Oct 30, 2020

Not Normal, But Good

By Leah Sherman




Back in January, our lives were busy. Many of us had carefully curated our routines to ensure that every family member was delivered to each appointment, activity, or party in a timely-ish manner. Our schedules were packed so tightly we struggled to fit in one more thing. Parents and children alike were worn out by the end of the day. As mothers, we had little time or energy to consider cooking for our families, so we out-sourced our meals and served them to our children who were strapped in their respective seats in the car, all while moving forward to the next item on the agenda. Perhaps those napkins with charming conversation starters made it into our homes with the best of intentions, but such whimsy requires both people to be present, and substantial time for conversations to become an opportunity to actually learn about one another; neither of which we had in all our rushing around.


Perhaps you enjoyed the hours of school at home alone.  You had the time to fold the laundry and mop the floors while watching the shows you enjoyed, or exercise to the music of your choice. Close friends met you at the coffee shop for a chat, and you did your grocery shopping peaceably before collecting the kids and rushing home for dinner and homework and basketball.


Whatever your normal was, odds are, it’s gone. All that we did—playdates, gymnastics, piano lessons, plays, work meetings, hair appointments, dinners out, coffee dates, church—all of it—ended. And we were forced to sit at our own kitchen tables each night with our whimsical napkins trying to cheer us up. 


Maybe your normal wasn’t quite that. Maybe you had that coveted quiet time between dropping the kids off for school and the commute to work. Your office was a place where you could accomplish tasks without constant interruptions.  You enjoyed talking with your coworkers in person and collaborating on projects; and by the end of the day, you left feeling accomplished, and thankful you had friends and family who could keep the kids a couple extra hours so you could meet your deadlines.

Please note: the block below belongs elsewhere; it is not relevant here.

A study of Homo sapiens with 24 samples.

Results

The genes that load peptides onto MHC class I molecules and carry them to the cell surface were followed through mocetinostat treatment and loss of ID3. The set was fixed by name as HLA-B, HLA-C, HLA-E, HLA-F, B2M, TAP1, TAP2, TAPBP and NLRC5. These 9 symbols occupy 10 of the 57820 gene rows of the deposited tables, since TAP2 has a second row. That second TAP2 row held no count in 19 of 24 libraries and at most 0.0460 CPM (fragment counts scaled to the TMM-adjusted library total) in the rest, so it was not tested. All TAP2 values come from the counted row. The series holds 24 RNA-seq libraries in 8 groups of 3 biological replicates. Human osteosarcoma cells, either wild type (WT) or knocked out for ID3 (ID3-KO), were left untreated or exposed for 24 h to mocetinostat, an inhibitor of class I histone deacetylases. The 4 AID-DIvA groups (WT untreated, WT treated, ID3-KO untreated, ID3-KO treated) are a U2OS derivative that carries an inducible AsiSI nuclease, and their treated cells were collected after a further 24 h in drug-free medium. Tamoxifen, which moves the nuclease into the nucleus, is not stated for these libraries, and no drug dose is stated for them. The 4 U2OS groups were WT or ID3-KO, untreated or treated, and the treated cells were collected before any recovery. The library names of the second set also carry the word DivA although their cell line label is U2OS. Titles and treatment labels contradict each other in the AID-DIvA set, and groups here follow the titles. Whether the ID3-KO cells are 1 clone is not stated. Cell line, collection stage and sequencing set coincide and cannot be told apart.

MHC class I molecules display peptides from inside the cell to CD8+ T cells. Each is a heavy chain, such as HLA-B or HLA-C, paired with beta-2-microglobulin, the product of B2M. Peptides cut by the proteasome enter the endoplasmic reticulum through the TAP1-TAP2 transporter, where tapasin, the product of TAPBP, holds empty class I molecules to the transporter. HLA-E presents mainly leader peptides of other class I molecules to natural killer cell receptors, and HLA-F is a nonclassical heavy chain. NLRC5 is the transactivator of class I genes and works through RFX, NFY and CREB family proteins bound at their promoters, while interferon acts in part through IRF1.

All these months later, normal still hasn’t returned. Surely some of our rushing kids around and meeting with coworkers and friends has started again, but it’s still a dim reflection of what we once had, and mostly feels false.


Whatever your normal was, take a moment to consider it. Then,

“consider your place in life according to the Ten Commandments. Are you a father, mother, son, daughter, husband, wife, or worker? Have you been disobedient, unfaithful, or lazy? Have you been hot-tempered, rude, or quarrelsome? Have you hurt someone by your words or deed? Have you stolen, been negligent, wasted anything, or done any harm?” (Luther, Luther’s Small Catechism, “Confession.”)

Was your normal good?


I fear the answer for many of us must be no. It was not all good. And while what we are living through right now is also not very good, our old normal is not something we ought to desire. Much of our life was lived to self alone, and not in love and service to our neighbor. We created a pattern for our lives that left us exhausted and frustrated with the family members God had given us, and while we bemoaned the craziness of our schedules, we saw no way to fix the problems our desire to do and achieve had created. 


Our rush and hurry to give our children every opportunity our money could afford often robbed them of the attention they needed from us, their parents. Our inability to communicate with our spouses left us seeking understanding in relationships outside the home, or in the hazy blue-light of our screens. Our obsession with self-fulfillment left us little time to care for those in need in our church or neighborhood. We blamed our kids, our spouses, and our finances for the physical and emotional mess we were in.
Yes, consider your place in life. Was your normal good? 


But also, consider this new normal. Are parts of your new normal good? 


Certainly there are real, exhausting, hair-pulling frustrations with our current situation.  There are serious health and financial concerns. We are still yelling and crying and blaming and whining. 


But, is there any good? Can there be any good?


“And we know that for those who love God all things work together for good, for those who are called according to his purpose.” (Rom. 8:28; ESV)


In the midst of all the upheaval and confusion, see God at work in your lives. Your spouse, your children, your parents, and your neighbors are gifts from God, and you are being called to serve them in new ways. As you are learning to care for them, look for the ways God is working for good. Perhaps you find you enjoy knowing what your children are taught daily. Perhaps you realize working from home, while challenging, gives you a chance to complete a few extra chores. Perhaps your free time allows for you to write, call, or pray for your friends and family. And perhaps, as those silly napkins of ours are getting a workout like never before, we find that sitting down to a home-cooked meal is something our families have needed, and truly is a good gift from God.

***

Leah Sherman is a pastor's wife and homeschooling mother.  She and her husband have struggled with secondary infertility, but are constantly reminded of God's great blessings through their son. She lives in Gordon, Nebraska, and enjoys reading, gardening, and sewing.